The summer is almost over. School is expected to start up again in a few weeks. Our Chief medical officer, Dr. Teresa Tam, is already warning that Canada’s cases of COVID are on the rise. Here in Canada, a second wave will probably hit late September, early October, just in time for Thanksgiving.
This is the world we now live in and it is fraught with ambiguity, uncertainty, loss, anxiety, loneliness, and frustration. No one has an advantage in this reality. It affects everyone, albeit, differently and to varying degrees..
For years dystopian novels have described scenarios that resemble what life looks like today. Cynics and conspiracy theorists attribute our state of ‘being’ to underhanded, controlling, evil political powers. Why not? Any theory is as good as the next when there are no real answers.
Doctors advise the use of masks on Monday; other doctors advise against using them on Tuesday. The Education Minister announces how schools will open on Wednesday; on Thursday he rolls back the announcement. On Friday, there are assurances from the government that they will take care of those who still have not received their Emergency cheques. Everyone is told to enjoy the weekend forgetting that, these days, most weekends are much like weekdays. There are only differences for the (un)lucky ones who work or are on the front lines.
Fortunately, despite all of this, some individuals are managing quite well. Age has its advantages in times such as these. Many have lived through other hardships that include wars, epidemics, displacement, and natural disasters. Older adults have perspective, are less likely to catastrophize, and see a light at the end of the tunnel. After all, there have always been ‘ends’ to past tragic events.
If you are experiencing any of the negative symptoms enumerated above, take comfort in knowing that you are not alone and there are some ways to mitigate the damage.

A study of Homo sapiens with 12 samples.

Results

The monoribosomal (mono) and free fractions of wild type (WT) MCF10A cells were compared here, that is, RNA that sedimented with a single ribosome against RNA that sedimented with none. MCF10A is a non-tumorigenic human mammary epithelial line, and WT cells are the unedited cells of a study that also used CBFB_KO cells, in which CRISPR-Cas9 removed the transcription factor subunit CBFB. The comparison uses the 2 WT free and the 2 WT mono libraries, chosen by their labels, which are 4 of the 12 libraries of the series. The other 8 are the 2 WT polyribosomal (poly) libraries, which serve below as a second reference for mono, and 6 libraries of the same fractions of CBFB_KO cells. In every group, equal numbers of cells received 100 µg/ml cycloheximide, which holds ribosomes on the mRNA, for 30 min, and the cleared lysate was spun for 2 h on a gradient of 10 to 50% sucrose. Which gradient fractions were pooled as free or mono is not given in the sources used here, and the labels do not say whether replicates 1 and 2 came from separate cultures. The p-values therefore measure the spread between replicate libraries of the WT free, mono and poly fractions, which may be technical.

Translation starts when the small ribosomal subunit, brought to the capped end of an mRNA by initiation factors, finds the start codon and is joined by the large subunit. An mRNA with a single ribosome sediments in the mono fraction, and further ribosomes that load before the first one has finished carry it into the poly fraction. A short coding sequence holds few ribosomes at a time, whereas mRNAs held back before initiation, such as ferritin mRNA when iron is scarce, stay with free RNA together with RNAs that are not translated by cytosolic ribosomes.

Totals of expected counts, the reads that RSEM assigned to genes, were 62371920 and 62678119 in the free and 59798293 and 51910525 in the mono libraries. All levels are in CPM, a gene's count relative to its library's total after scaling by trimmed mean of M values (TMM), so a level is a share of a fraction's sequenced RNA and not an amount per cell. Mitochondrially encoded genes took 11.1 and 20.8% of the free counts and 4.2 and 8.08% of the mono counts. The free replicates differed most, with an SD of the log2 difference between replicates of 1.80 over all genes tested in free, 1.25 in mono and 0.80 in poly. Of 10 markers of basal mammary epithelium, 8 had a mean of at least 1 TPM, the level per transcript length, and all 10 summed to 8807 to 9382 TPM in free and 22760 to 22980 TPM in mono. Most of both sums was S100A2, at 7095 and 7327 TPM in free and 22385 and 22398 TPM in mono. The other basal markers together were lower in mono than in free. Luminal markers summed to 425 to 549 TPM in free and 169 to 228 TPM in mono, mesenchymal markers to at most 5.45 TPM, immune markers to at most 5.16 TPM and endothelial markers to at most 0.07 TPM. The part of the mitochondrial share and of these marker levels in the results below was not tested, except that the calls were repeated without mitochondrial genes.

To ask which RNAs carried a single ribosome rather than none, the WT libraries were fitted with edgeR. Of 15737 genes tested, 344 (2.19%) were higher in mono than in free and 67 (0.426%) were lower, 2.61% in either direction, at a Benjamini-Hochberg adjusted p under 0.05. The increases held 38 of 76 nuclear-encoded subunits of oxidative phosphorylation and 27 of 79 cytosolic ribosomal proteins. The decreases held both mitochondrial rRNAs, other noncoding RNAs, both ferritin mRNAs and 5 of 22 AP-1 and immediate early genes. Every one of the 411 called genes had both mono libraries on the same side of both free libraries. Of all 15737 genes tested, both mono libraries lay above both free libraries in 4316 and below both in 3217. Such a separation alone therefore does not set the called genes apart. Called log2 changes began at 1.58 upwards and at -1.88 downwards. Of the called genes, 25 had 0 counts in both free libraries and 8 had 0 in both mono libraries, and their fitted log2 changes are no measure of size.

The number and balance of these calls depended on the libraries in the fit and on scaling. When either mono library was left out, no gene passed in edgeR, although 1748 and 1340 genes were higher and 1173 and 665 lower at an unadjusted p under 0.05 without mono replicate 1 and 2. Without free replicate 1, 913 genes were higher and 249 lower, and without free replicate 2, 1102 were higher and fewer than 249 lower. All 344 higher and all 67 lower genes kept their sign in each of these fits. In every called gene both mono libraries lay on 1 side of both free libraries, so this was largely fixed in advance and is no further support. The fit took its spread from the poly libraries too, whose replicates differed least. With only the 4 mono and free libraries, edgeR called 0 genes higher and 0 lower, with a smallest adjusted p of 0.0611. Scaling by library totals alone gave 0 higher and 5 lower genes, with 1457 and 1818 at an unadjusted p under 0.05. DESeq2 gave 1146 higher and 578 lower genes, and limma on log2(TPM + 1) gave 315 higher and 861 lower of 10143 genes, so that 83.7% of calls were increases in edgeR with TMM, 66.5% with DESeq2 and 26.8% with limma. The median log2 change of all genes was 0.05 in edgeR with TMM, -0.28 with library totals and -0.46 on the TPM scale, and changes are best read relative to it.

Here are a few tips that are easy to do and will hopefully build your resilience quotient.
- Limit your news intake and avoid extended coverage. Skip sections in the newspapers or online when reporting gets too negative. Shut off the radio when you hear the same story repeatedly.
- Search alternate channels for more uplifting or entertaining stories, series, comedies, or other shows that are pure fun and distracting.
- Find something small to be grateful for each morning when you get up and each evening at bedtime. Try not to repeat the same ideas, but explore what else might be worthy of your gratitude. It can be as easy as, “thank goodness there are no more deer flies at the end of August”. By focusing on the positive, you will begin to feel better.
- Call someone outside your bubble or close knit circle of friends or family. Surprise that long lost friend with a no agenda call, and feel the warmth of the good feeling you create by remembering him or her.
- Make a point of interacting with those “consequential strangers” (a term borrowed from a 2013 book written by Melinda Blau and Karen L. Fingerman) with whom you have “weak ties”. These are the people who you meet as you go to the grocery store, jog by daily, or walk your dog. Despite the passing nature of these conversations (at a distance during this time of pandemic), you make connections, find out what is going on and add to your repertoire of information, necessary or not.
- And, of course, eat well, sleep well, and be as physically active as possible. Being sedentary is literally and figuratively a killer.
All of these are gentle reminders of what we all need to do in good times and bad. As the pandemic continues, coming up with simple acts of kindness and empathy towards others will go a long way to help you overcome the stresses of uncertainty.